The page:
I have a short list of foods that I don't like but wish I did. The list includes winter squash -- butternut, acorn, etc. I get them in my Porter Farms CSA bag, and can get lots for free at the end of the season at Wickham Farms. They are nutritious and great at this time of year, when produce is sooo expensive and not that good. Every year I try new squash recipes, but the results rarely appeal to me.
We recently had friends (M&M) over for dinner. M (the wife) is a former farm girl from Michigan and eats most veggies, so I thought I'd experiment with some butternut squash still in the fridge from Porter Farms. The family doesn't like things that are spicy or ethnic, so I made this basic butternut squash soup from Cooks Illustrated. (The only change I made was to use less butter.) The preparation is unusual but easy. One of the suggested garnishes was cinnamon-sugar croutons, and I did my own spin on them using some cinnamon bread I had in the house. I didn't think I'd like the sweet croutons in the soup, but the combination rocked. Even M (the husband) ate a bowl -- and his wife commented that he doesn't usually like butternut squash.
I'm sending this to Sweetnicks for her ARF/5-A-Day roundup. If you (like me) are looking for healthy recipes for your new year's diet, that's a good post to check out on Tuesdays.
Silky Butternut Squash Soup with Cinnamon Croutons
Adapted from Cooks Illustrated, November/December 2001
(Note added later: After several times of trying, I've realized that you really cannot substitute another squash for butternut. It changes the consistency. Better to find a recipe developed for a particular squash.)
2 tablespoons unsalted butter
2 medium shallots, minced (about 4 tablespoons)
3 pounds butternut squash (Recipe says about 1 large, I used 2 medium), unpeeled, squash halved lengthwise, seeds and stringy fibers scraped with spoon and reserved (about 1/4 cup), and each half cut into quarters
1 1/2 teaspoons salt, plus more to taste
1/2 cup heavy cream
1 teaspoon dark brown sugar
Cinnamon croutons (below)
Heat butter in large dutch oven or a pot that comes with a removable pasta insert. (I used the latter.) Add shallots and cook, stirring frequently, until softened and translucent, about 3 minutes. Add squash scrapings and seeds and cook, stirring occasionally, until fragrant and butter turns bright yellow, about 4 minutes.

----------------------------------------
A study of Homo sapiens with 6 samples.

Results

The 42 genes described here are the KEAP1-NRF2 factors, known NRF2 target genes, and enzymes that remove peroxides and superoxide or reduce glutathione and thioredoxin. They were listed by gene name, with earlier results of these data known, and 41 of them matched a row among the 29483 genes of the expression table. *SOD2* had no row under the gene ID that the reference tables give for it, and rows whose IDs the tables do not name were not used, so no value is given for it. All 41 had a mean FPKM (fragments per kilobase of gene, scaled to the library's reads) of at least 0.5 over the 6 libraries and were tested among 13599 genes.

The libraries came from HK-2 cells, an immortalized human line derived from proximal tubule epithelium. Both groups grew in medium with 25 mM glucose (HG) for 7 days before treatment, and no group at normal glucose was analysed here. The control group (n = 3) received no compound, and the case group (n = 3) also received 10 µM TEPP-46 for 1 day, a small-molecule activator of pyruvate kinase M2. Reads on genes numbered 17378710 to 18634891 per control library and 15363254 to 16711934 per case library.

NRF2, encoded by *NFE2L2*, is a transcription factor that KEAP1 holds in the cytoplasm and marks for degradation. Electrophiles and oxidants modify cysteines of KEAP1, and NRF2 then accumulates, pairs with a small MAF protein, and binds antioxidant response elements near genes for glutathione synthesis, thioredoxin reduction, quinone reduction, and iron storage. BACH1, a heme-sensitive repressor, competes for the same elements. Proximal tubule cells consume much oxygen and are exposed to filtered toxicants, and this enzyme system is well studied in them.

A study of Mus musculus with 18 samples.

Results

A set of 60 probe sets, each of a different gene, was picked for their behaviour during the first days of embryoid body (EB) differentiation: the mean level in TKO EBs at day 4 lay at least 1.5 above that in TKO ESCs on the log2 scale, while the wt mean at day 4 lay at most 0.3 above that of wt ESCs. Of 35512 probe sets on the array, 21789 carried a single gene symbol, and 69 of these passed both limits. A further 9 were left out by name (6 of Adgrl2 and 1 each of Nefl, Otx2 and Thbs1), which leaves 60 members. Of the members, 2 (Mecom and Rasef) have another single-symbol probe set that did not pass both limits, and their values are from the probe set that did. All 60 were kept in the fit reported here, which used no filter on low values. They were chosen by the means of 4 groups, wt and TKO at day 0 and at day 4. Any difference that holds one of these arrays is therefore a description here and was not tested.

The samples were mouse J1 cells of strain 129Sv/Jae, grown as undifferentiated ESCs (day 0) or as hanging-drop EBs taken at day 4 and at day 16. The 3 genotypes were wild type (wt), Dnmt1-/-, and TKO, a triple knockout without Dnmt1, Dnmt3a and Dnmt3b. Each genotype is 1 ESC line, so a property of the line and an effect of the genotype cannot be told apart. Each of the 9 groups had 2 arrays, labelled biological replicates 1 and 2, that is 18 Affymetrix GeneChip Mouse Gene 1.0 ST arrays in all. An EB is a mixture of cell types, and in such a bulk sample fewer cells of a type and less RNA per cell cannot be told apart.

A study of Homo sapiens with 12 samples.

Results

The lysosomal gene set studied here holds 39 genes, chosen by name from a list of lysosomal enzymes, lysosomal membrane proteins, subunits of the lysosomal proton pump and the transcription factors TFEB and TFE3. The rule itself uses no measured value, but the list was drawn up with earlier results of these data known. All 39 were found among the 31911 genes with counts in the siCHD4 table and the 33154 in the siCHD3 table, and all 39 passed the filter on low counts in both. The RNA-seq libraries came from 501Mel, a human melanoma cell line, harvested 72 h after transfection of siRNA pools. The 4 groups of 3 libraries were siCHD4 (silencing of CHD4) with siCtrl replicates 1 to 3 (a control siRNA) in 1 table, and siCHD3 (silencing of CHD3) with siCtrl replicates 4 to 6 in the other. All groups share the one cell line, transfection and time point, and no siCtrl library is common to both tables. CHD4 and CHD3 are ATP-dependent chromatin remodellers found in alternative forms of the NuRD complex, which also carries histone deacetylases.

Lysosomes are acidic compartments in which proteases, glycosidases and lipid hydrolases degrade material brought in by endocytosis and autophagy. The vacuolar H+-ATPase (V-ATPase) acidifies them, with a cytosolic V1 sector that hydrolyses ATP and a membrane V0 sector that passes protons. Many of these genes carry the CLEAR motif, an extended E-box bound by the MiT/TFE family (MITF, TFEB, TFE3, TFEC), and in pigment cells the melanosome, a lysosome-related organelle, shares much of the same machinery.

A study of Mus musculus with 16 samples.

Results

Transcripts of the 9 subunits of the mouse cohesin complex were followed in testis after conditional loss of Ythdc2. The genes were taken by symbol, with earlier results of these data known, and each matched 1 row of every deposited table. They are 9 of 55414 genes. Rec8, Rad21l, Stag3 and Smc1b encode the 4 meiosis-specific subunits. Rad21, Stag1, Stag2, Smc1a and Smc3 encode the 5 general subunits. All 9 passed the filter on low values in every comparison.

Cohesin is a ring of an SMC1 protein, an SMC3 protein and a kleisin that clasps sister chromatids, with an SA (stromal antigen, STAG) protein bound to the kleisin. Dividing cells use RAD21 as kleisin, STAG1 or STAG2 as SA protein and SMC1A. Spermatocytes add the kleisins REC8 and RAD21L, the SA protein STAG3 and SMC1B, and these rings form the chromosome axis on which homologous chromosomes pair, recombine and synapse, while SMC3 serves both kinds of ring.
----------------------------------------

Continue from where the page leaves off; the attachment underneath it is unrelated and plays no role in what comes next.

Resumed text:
Add 6 cups of water and 1 1/2 teaspoons salt and bring to a boil over high heat. Reduce heat to medium low, place squash cut-side down into a steamer basket (or pasta insert, which is what I used), and lower the basket into the pot. Cover and steam until squash is completely tender, about 30 minutes. Remove from heat. Use tongs to transfer squash to rimmed baking sheet; reserve steaming liquid and the stuff in it. When cool enough to handle, use a large spoon to scrape the yellow flesh from the skin into a bowl; discard skin.
Pour the reserved steaming liquid through a mesh strainer into a second bowl. Discard the stuff that's in the strainer. Rinse and dry the cooking pot.
In a blender, puree the squash and reserved liquid in batches, pulsing on low until smooth. (Do not overfill the blender or it will overflow. To be on the safe side, cover it with a towel while you are blending.) Transfer the puree back to the cooking pot; stir in the cream and brown sugar. Heat over medium-low heat until hot. Add salt to taste. Serve immediately. (I made it ahead and it reheated fine.) Makes 1 1/2 quarts, serves 4-6.
Rah Cha Chow recipe
1/3 of a loaf of cinnamon bread from Great Harvest Bread Company, cut into 1/2-inch cubes
2 tablespoons butter
Preheat oven to 350 degrees. Put butter on a rimmed baking sheet and put in oven until the butter melts. Remove from oven. Put bread on the melted butter and toss until all are coated with butter. Bake until crunchy, about 10 minutes.